Seeking expert wound care advice, as my home health agency neither employs nor consults with a WOCN.
Patient was referred by PCP. Patient is a 62 yo well-nourished community-dwelling semi-retired moderately active non-smoking non-diabetic female with known venous insufficiency. No history of lymphedema. ABIs are 0.9 bilaterally.
Pt presents with a 3-week history of a 10 cm x 5 cm area containing approximately 12 punctuate weeping lesions on her R posterior calf. She states this area of skin irritation with weeping began during a Prednisone taper following severe bronchitis.
Pt was evaluated in Wound Clinic and was treated with Aquacel Ag and application of an Unna boot. Due to severe sensitivity to the zinc oxide component of the Unna boot, a recommendation was made to discontinue the Unna boot and continue with application of Aquacel Ag to affected area q other day, cover with ABDs, apply Eucerin to non-affected area, cover with one layer of Tubigrip foot to knee, and elevate extremity as much as possible.
Pt states that Aquacel Ag and dressings become saturated with serous fluid within 3 hours of dressing change, with accompanying maceration and circumferential skin irritation at ankle.
Pt is capable and compliant with carrying out her own dressing changes, but is concerned with lack of wound healing progress and required frequency of dressing changes, as well as cost of supplies.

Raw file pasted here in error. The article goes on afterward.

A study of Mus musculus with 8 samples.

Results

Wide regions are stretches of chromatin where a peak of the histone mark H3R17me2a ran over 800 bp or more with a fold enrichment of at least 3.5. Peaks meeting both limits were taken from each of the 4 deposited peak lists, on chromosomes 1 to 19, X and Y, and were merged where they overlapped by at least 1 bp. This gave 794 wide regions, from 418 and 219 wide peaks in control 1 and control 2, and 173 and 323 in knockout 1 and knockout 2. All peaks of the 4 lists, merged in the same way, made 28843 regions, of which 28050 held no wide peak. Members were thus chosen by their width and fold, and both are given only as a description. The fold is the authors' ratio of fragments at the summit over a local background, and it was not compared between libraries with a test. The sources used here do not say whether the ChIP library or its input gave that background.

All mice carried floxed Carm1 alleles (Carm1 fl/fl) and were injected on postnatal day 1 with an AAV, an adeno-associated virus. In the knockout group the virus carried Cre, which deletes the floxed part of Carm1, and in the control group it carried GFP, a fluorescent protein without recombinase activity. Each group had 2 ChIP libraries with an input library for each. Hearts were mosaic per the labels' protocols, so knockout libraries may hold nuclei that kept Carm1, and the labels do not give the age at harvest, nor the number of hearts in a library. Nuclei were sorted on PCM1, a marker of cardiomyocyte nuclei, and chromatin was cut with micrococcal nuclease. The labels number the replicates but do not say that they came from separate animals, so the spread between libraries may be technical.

Looking for suggestions on alternative to Aquacel Ag or any other ideas to promote healing.
Intended to say "punctate lesions", rather than "punctuate" lesions. Spellcheck, ugh.
With weeping venous ulcers, you do need an absorbent layer over the Aquacel Ag, such as an ABD pad (which she was using). Some people find maxi pads work as well and are a bit cheaper. If she can tolerate compression, a 2 layer light compression wrap over the ABDs, such as 3M Coban Lite might be helpful because it should reduce the number of dressing changes. Triad cream can also be very helpful in preventing maceration of the periwound. Unfortunately, these wounds can be slow to heal, but she's not diabetic and has good ABIs. Reinforce the importance of no smoking if she is a smoker, good nutrition, and leg elevation.
I like cavilon skin barrier spray as a base before any products to start.
I would also take into consideration her albumin-pre-albumin. I might even look into her bp, renal function. Sometimes in acute care we have done a few doses of lasix to help the diuresis which will give the extremity a day or two to start drying out which does help a lot.